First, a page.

Tuesday, April 25, 2017

Girl in Red Velvet by Margaret James - Five Stars. Book Review.


Will loving two men tear your heart apart?
It’s the 1960s and Lily Denham is about to begin her studies at Oxford University.
On her first day she meets Harry Gale and Max Farley, two fellow undergraduates who are both full of mischievous charm. The three of them become firm great friends and enjoy exploring everything Oxford has to offer, from riotous parties to punting up the river on sunny afternoons.
However, something threatens to disrupt the fun, because Lily soon realises she’s falling for both of her new-found friends, men who might offer her two very different futures  – but who will she pick? Harry is generous and kind, reliable and trustworthy. Max embodies the spirit of the sixties; adventurous and rebellious, but possibly a little bit dangerous as well.
As university ends and Lily struggles to make her mark on the vibrant fashion scene, she must make a decision. But she soon becomes aware that the wrong decision could have devastating consequences for her own future and for Max’s and Harry’s futures, too … 
Girl in Red Velvet is book 6 in the Charton Minster Series (The Silver LocketThe Golden ChainThe Penny BangleThe Wedding Diary & Magic Sometimes Happens)

My review:

Author Margaret James has such a great writing track record that I could expect nothing less from her except a 5 star book! And she hasn't disappointed with "Girl in  Red Velvet. Her "writing voice" (if I can say that) is so soothing, even when the plot is taking a surprising turn. And the plot is full of such turns. Take the beginning, for instance, when Lily does a runner at her own wedding, leaving the reader to wonder who she's supposed to be marrying and why doesn't she want to, such a brilliant cliffhanger that keeps the reader guessing for a good part of the book.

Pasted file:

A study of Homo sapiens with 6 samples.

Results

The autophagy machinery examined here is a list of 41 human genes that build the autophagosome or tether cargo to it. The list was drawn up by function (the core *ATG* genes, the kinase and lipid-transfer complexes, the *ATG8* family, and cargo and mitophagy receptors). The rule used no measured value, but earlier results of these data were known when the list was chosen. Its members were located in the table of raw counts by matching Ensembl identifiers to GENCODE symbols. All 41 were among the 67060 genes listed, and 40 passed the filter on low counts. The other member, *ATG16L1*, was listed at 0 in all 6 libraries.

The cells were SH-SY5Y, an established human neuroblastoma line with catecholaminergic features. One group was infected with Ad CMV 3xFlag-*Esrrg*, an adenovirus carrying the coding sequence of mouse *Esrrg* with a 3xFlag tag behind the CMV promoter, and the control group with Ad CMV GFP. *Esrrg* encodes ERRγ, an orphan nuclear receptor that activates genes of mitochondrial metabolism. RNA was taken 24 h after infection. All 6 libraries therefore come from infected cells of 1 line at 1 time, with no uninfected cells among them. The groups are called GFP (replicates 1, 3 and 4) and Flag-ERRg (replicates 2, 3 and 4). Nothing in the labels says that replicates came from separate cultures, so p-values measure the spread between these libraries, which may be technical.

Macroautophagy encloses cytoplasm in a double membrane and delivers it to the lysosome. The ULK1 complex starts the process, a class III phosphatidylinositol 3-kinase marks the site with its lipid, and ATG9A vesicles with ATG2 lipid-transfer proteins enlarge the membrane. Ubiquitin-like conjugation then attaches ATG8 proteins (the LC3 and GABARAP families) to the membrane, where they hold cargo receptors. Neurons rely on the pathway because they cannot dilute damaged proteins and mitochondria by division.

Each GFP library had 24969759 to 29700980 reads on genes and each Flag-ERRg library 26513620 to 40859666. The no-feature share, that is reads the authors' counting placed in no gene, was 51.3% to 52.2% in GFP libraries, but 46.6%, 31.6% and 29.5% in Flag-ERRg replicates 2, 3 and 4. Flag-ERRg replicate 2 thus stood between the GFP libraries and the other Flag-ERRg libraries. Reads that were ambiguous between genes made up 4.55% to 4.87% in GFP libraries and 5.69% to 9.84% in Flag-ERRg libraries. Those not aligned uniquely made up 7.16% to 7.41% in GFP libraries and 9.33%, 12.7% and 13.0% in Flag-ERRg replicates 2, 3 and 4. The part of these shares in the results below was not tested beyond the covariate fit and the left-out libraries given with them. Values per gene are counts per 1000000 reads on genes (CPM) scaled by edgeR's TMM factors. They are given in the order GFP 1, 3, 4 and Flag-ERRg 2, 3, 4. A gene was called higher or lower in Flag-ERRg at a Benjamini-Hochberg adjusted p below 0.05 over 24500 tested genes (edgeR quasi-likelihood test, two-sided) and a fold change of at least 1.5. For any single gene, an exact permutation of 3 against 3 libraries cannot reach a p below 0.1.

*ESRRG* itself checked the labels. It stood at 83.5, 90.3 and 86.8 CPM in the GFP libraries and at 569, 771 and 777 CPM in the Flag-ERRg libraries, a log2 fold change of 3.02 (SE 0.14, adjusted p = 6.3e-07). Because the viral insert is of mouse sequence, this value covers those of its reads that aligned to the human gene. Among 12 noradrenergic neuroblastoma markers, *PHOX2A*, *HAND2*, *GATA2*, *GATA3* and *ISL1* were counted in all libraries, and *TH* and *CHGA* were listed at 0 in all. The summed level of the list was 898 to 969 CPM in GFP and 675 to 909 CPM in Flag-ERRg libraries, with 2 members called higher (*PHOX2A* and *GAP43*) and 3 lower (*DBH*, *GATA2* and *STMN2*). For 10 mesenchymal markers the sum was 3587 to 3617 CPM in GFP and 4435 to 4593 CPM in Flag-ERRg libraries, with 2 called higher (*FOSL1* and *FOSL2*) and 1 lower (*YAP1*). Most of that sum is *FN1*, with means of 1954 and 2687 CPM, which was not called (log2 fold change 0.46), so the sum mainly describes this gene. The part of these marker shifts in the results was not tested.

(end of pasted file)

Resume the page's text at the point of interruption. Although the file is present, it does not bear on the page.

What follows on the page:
Ms James also manages to convey Max's bold, adventurous spirit without resorting to piles of adjectives. His character is amazing, as is feisty Lily's whose journey from a frightened girl on her first day at Oxford to that of a mature, take-no-prisoners, woman is smoothly transitioned. Harry's quieter ways prove a perfect foil. The author has a way with words that evoke images of the story in the reader's mind, and makes the characters real.

If you lived in the sixties, you'll be reminded of life at that time and how undergraduates lived  (I'd forgotten all about Wimpeys), and the foreign lands that Max finds himself are so well researched and portrayed. 

This is no mere "chic-lit". Ms James takes light literary fiction several steps further and goes deeper (there are three main characters, remember) and produces a story that will keep the reader on his/her toes right to the end.